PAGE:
It is thought to be the first case of a HIV patient going into remission following pharmaceutical treatment.
Doctors report that the patient was prescribed an intense multi-drug cocktail of AIDS medicines, including antiretroviral therapy, or ART.
It was also supplemented with additional antiretrovirals, plus a drug called nicotinamide, a form of vitamin B3.
Two other people are believed to have been cured of HIV, but they both underwent high-risk bone marrow transplants.
The unnamed individual was diagnosed with HIV in 2012 and was on the pioneering course of medication for 48 weeks.
Just over a year later his DNA and cells were assessed and tests for HIV came back negative.
Dr Ricardo Diaz of the University of Sao Paulo in Brazil, who co-led the study, told The Telegraph:
‘We can’t search the entire body, but by the best evidence, we do not have infected cells.
‘I think it’s very promising. This patient might be cured.’
‘This case is extremely interesting, and I really hope that it may boost further research into an HIV cure,’ Andrea Savarino, a doctor at Italy’s Institute of Health who co-led the trial, said in an interview with the UK charity NAM AIDSmap.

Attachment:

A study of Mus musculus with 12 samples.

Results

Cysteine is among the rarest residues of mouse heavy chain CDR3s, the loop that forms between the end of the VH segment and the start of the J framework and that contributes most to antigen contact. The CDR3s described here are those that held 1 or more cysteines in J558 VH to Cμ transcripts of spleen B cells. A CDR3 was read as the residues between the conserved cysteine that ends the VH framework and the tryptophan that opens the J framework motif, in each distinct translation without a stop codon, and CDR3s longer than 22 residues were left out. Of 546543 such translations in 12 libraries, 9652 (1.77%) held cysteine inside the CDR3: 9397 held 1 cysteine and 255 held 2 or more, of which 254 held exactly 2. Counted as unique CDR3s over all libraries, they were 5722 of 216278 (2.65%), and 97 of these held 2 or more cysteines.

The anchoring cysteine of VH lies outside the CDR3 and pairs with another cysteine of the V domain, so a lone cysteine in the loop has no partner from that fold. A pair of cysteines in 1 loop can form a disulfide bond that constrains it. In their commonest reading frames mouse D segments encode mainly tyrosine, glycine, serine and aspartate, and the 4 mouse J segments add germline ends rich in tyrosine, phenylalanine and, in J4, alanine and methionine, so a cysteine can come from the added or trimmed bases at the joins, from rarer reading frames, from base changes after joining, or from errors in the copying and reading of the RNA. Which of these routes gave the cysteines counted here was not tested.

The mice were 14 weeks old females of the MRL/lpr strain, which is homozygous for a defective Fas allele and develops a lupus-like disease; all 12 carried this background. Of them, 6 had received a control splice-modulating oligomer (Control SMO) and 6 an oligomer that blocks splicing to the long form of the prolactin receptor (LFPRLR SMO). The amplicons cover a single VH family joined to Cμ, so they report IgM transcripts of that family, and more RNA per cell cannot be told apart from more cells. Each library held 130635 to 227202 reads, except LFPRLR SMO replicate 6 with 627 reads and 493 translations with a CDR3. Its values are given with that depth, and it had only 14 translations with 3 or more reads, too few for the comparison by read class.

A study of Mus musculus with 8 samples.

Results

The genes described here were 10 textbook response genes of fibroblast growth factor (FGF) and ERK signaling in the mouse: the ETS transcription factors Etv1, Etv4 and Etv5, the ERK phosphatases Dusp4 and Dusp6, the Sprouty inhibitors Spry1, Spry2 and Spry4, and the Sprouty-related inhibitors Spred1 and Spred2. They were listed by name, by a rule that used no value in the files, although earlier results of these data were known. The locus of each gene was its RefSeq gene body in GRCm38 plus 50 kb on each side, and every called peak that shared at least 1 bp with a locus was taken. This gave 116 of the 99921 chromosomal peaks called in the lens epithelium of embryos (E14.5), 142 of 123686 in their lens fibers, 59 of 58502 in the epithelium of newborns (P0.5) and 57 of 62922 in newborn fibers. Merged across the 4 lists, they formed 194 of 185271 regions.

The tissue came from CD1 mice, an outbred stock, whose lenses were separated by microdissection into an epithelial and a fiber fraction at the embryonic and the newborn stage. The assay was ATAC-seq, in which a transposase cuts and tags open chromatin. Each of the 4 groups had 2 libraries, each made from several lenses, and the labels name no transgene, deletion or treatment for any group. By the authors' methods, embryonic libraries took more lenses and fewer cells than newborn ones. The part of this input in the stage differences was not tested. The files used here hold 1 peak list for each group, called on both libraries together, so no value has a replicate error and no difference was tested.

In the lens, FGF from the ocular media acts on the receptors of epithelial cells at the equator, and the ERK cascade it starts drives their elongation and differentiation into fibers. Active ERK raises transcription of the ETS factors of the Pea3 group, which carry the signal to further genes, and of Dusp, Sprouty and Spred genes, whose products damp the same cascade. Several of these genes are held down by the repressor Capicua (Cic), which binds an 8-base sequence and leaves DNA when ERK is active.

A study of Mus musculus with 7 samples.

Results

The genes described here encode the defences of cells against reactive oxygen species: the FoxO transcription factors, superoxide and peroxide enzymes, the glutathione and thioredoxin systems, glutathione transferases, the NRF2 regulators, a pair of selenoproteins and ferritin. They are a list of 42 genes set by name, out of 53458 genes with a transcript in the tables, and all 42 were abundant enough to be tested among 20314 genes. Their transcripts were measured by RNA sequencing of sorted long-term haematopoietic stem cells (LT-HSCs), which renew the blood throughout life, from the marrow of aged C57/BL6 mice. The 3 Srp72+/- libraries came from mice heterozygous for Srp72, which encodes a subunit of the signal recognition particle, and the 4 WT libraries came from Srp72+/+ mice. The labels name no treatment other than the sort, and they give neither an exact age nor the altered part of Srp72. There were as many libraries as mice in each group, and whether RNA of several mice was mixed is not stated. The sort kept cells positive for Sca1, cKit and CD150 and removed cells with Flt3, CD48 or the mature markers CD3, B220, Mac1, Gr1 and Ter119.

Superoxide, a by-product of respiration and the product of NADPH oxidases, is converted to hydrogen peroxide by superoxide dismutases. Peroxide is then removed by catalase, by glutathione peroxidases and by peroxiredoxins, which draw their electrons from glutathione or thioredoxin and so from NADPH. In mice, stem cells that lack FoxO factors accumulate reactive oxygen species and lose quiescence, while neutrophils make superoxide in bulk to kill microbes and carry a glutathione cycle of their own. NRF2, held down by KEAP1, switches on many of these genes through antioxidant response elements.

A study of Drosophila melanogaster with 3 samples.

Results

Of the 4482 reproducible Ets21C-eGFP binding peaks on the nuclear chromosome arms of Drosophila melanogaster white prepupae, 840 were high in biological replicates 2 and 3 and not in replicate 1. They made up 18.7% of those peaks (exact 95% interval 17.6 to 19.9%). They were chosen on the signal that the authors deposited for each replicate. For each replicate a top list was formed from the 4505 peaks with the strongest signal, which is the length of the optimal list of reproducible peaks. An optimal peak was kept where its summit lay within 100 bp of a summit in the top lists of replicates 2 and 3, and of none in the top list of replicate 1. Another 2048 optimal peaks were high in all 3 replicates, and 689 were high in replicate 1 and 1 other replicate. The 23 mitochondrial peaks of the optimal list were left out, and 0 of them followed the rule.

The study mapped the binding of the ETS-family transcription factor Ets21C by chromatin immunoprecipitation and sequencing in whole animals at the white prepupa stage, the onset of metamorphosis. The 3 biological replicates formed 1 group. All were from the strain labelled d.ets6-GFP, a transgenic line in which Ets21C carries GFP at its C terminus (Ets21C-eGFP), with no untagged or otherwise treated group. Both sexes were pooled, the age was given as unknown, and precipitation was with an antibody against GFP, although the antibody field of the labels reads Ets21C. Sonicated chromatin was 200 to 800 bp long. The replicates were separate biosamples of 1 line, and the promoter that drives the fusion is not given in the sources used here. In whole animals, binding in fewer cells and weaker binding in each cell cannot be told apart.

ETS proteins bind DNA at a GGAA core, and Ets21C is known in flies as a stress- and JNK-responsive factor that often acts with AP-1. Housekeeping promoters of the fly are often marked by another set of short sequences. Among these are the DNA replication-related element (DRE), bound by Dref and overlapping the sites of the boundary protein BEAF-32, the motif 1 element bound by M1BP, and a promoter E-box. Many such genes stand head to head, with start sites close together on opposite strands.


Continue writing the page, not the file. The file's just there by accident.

The researchers do caution, however, that four other HIV-positive patients treated in the trial with the same intensified drug cocktail saw no positive effect.
‘The result is highly likely not to be reproducible,’ said Dr Savarino. ‘This a very first (preliminary) experiment, and I wouldn’t foresee beyond that.’
As scientists race to develop vaccines and treatments for COVID-19, the struggle goes on to find a cure for HIV.
HIV has infected more than 75 million people and killed almost 33 million since the AIDS epidemic began in the 1980s.
Patients who have access to AIDS drugs are able to control the virus and keep the disease in check, and there are many ways to stop it spreading.
However, despite this, there are around 37 million people in the world currently living with HIV. The majority (25million) of infected people live in Africa.
Hopes of a cure for AIDS have been boosted in recent years by two separate cases of remission in men who are described by HIV doctors as ‘functionally cured’.